H7N9’s Lineage

An analysis of the novel virus indicates it’s descended from at least four different bird flu strains.

May 2, 2013
Kate Yandell

WIKIMEDIA, GAVIN SCHAEFER (UXUD)

The novel H7N9 virus that has been infecting people in China since February likely got its genes from at least four different bird viruses, according to a paper published yesterday (May 1) in The Lancet. Chinese researchers determined the virus’s history by looking at sequences of four different viral isolates from infected patients.

The virus was first identified a little over a month ago and has infected 126 people and killed 24, according to the World Health Organization’s latest numbers. It has been found in chickens, ducks, and captive-bred pigeons at live animal markets, where it is suspected to have infected many of its victims.

The numbered Hs and the Ns in flu viruses’ names come from two proteins: hemagglutinin (HA) and neuraminidase (NA). The HA protein helps the virus latch on to host cells, while the NA protein is necessary for the virus to bud out of a cell following replication. Viruses are composed of HA, NA, and internal sequences, and they can shuffle their genes amongst each other, in a process called reassortment.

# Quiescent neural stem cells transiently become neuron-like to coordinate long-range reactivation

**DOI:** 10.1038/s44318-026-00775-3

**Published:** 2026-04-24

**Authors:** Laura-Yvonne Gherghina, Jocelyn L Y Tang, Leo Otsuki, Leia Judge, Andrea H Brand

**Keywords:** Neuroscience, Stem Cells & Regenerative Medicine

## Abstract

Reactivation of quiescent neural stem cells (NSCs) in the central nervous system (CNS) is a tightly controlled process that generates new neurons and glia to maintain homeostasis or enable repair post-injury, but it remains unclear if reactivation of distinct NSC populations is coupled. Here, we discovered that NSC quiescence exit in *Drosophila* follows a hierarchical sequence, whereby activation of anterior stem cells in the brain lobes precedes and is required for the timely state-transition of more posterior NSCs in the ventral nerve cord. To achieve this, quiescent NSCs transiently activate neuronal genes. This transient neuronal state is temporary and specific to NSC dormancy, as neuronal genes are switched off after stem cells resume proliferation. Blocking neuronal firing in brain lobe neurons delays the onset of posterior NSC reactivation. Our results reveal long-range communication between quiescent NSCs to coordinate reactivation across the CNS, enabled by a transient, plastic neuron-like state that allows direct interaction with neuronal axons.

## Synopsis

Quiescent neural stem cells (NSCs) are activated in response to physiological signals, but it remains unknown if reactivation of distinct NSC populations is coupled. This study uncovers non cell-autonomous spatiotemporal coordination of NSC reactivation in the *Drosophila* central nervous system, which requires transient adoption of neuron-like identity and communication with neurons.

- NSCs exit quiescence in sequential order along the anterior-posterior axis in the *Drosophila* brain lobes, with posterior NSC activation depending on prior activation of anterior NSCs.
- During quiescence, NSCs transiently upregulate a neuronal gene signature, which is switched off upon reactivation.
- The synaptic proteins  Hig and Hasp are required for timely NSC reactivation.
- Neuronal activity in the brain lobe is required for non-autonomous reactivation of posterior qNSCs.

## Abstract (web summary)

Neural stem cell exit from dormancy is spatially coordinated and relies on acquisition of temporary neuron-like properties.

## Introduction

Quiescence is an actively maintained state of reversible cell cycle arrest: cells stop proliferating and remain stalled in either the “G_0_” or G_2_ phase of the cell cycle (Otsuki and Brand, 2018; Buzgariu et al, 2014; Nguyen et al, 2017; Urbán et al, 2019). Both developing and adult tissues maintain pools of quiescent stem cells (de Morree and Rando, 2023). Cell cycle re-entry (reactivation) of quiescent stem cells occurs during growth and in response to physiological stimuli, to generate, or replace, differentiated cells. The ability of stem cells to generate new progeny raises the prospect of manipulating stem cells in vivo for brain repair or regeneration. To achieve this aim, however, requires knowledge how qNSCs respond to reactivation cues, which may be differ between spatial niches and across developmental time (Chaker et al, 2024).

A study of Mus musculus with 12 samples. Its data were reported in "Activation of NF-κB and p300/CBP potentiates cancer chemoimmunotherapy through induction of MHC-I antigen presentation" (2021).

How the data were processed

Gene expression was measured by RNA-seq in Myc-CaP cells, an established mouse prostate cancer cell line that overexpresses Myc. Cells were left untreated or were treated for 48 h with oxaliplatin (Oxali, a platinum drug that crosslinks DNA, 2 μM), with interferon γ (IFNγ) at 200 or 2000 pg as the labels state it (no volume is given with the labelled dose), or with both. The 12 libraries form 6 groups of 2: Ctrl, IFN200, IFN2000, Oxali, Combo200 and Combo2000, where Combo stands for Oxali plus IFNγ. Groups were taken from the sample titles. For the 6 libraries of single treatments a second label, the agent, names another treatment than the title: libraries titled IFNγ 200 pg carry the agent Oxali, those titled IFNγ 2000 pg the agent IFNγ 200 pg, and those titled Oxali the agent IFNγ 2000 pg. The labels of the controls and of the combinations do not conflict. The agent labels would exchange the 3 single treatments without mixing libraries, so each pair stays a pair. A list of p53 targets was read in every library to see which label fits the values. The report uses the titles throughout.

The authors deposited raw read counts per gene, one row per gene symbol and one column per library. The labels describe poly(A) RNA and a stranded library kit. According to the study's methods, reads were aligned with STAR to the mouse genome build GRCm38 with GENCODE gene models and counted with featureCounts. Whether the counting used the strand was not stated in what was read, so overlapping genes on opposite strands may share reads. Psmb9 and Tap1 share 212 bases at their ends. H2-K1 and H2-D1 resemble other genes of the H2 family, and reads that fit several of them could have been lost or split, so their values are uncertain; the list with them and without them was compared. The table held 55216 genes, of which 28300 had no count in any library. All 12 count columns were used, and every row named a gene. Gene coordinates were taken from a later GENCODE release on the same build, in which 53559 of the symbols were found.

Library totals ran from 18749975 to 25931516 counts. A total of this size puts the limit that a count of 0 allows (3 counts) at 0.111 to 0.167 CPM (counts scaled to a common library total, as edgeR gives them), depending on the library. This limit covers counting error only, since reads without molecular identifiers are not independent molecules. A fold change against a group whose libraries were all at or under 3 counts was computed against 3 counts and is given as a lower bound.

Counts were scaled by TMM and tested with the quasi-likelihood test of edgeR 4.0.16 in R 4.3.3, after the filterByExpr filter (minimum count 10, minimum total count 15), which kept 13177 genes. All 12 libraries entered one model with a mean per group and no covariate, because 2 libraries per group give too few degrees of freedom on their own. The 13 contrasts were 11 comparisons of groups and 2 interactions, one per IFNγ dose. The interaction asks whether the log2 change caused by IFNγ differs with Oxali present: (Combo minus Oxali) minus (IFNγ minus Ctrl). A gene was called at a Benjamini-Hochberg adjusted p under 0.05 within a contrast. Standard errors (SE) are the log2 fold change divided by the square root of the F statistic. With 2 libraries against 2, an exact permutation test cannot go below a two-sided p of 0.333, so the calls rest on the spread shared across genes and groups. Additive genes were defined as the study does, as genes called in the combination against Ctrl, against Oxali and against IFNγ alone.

The Chinese scientists attempted to match the sequences the viruses’ components to previously sequenced flu virus strains from animals. The H7 component of the virus likely came from avian flu in a ducks and matches most closely to ducks in the Zhejiang Province, they concluded. The closest matches for N9 were the NA proteins of avian viruses from wild ducks sampled in 2011 in South Korea. These animals are known to migrate regularly between China and Korea.

The scientists say that the wild birds carrying H7 and N9 viruses likely passed them to domesticated poultry, where they recombined into the H7N9 virus that is infecting people today.

The internal genes of the virus appeared to come from two different H9N2 viruses from chickens in China. Hinting at an earlier recombination event, the polymerase genes of the virus, which help it replicate, appear to be related to virus from a wild migratory bird called a brambling.

 “[L]ow pathogenicity in avian hosts probably allowed the virus to spread silently in domestic and wild birds,” Belgian virologists Marc Van Ranst and Philippe Lemey woret in a commentary accompanying the Lancet article.  “Containing this hidden epidemic might prove very challenging in view of the magnitude of the domestic and wild bird populations in China.”